A part-time buffoon and ersatz scholar specializing in BS, pedantry, schmaltz and cultural coprophagia.
I normally don't gravitate towards abridged books (sorry folks on Audible, but this IS abridged), but Vasari's 'The Lives of the Most Excellent Painters, Sculptors, and Architects' is a book that needs to be: 1) read by art history experts in its entirety (2000+ pages), 2) picked through periodically, like an encyclopedic “Garden of Delights”, 3) read abridged, in a version that focuses on the Renaissance's best (Vasari was interested in distinguishing the better from the good and the best from the better). My time here is limited. I only have so much time for the good. In my brief life here I want to hang with the Gods not with the minor prophets. I want Michelangelo not Niccolò Soggi. Sorry Niccolò.
The Penguin Classics/George Bull translation, was a great audio version. It had all the Teenage Ninja Mutant Renaissance artists, but still provided plenty of architects, sculptures and painters that I was either completely uninformed about or lacked much knowledge. Vasari has a natural narrative momentum, even if he does sometimes lose his narrative genius when he's consumed with listing and describing all of an artists works. It is a fine balancing act, to try and describe the artists' life, work, and importance and make the essay complete, without making the piece a laundry list of oil and marble.
One final note. This is one of those books that seems destined to become an amazing hypertext book or app. There were times while reading it I wished I was reading a digital copy that would provide links to pictures, blue prints, smoothly rotating statues, etc. What I wanted was a through the looking-glass, artist's version of 'The Elements' app by Theodore Gray. I want a multiverse of art, history, maps and blueprints. I want to fall into a hypertext of Renaissance Florence and Rome. Audiobooks or paper just fail to do justice to this beautiful subject.
This narrator has an amazing understated deadpan humor. There are various other voices that come in to read quotes by people other than Bacharach - and those are fine - but the voice of Bacharach himself (about 95% of the book is in the 1st person) is extraordinarily good.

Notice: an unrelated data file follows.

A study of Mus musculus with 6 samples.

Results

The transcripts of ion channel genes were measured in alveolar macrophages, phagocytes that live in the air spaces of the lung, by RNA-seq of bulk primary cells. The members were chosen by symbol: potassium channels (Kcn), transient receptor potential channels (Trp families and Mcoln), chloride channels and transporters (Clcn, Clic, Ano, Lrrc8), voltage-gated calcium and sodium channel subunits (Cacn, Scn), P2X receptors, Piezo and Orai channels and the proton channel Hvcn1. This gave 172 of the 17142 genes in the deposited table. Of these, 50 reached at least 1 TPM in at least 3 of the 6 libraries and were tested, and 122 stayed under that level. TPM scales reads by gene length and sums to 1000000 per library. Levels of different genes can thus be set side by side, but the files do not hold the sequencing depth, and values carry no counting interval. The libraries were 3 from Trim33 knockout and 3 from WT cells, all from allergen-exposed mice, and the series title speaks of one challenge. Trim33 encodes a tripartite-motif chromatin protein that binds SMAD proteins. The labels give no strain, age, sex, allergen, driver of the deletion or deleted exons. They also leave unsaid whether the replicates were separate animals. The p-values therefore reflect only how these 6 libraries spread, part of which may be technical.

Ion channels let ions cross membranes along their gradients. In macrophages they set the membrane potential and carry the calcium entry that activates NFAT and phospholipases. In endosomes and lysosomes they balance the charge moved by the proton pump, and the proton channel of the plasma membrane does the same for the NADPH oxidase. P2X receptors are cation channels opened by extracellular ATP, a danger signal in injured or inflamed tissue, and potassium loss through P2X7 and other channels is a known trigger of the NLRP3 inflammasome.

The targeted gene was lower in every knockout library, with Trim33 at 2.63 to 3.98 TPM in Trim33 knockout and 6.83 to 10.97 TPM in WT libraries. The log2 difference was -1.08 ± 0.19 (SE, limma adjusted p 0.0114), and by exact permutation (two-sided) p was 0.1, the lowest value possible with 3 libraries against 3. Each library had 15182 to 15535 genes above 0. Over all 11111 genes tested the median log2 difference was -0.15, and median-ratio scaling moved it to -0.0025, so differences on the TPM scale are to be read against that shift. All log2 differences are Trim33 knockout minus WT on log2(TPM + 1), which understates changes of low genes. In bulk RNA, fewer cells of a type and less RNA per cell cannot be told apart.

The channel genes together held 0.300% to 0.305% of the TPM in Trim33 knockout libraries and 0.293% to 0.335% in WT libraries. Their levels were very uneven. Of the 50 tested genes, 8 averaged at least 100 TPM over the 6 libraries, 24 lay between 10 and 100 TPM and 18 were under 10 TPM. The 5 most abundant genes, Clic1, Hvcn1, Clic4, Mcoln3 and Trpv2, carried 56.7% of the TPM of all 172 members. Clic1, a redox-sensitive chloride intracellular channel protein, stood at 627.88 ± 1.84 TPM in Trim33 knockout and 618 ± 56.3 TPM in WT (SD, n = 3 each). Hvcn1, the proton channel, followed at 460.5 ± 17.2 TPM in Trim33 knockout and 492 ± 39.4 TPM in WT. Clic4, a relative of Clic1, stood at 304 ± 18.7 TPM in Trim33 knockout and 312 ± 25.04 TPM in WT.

I listen in the car
The time period covered (40s, 50s, 60s) and types of music (early rock & r&b to the Beatles era) are of course very dated, but Bacharach's best work was of timeless genius in terms of pure melodic and harmonic inspiration and originality. I mean - listen to Walk on By - it's pure, unadulterated genius. The lesser stuff like Raindrops Keep Falling on My Head sounds corny after 5 decades, but there are at least 20 Bacharach songs that will always sound like masterpieces - Beatles-level classics. Bacharach was the bridge from the great Tin Pan Alley composers like Kern, Gershwin, Rodgers, Porter and Arlen, and the post-Beatles composers. I don't think Motown and Beatles could have been what they were without Bacharach to show the way. The 32-bar standard had been exhausted. Rock & Roll was fresh and vital but harmonically limited. Bacharach (at his best) showed how the sophistication of Tin Pan Alley (to say nothing of Debussy) could be freed from ii7 V7 I and used in a rock context. He paved the way for Holland Dozier Holland, Lennon & McCartney et al.The book is satisfying in terms of talking about the musical details - although not as good as, say, the Geoff Emerick Beatles book. If you're a musician you might hope for more of a discussion of the technical elements, but there are still valuable insights in that regard. But what makes this book so special is the humor. I see how the negative reviewer in this thread might (inaccurately) consider him narcissistic in that he recounts all his affairs with beautiful women - he would sound like a name-dropper, except for the fact that he really did move in those circles on a continuous basis - but he's also extraordinary self-effacing in the most humorous and endearing way. I'm about 30% of the way through and I've had at least 25 major laughing attacks. I'm not sure if it's the writing or just the narrator's pitch-perfect delivery but I really love this book.My advice is not to be put off by the opening 15 minutes or so. At first, it sounded like he was 1) full of himself and 2) had a chip on his shoulder, but that impression faded very quickly once he started his story chronologically. And, from an audio point of view, this narrator is as good at his job as Bacharach was at his.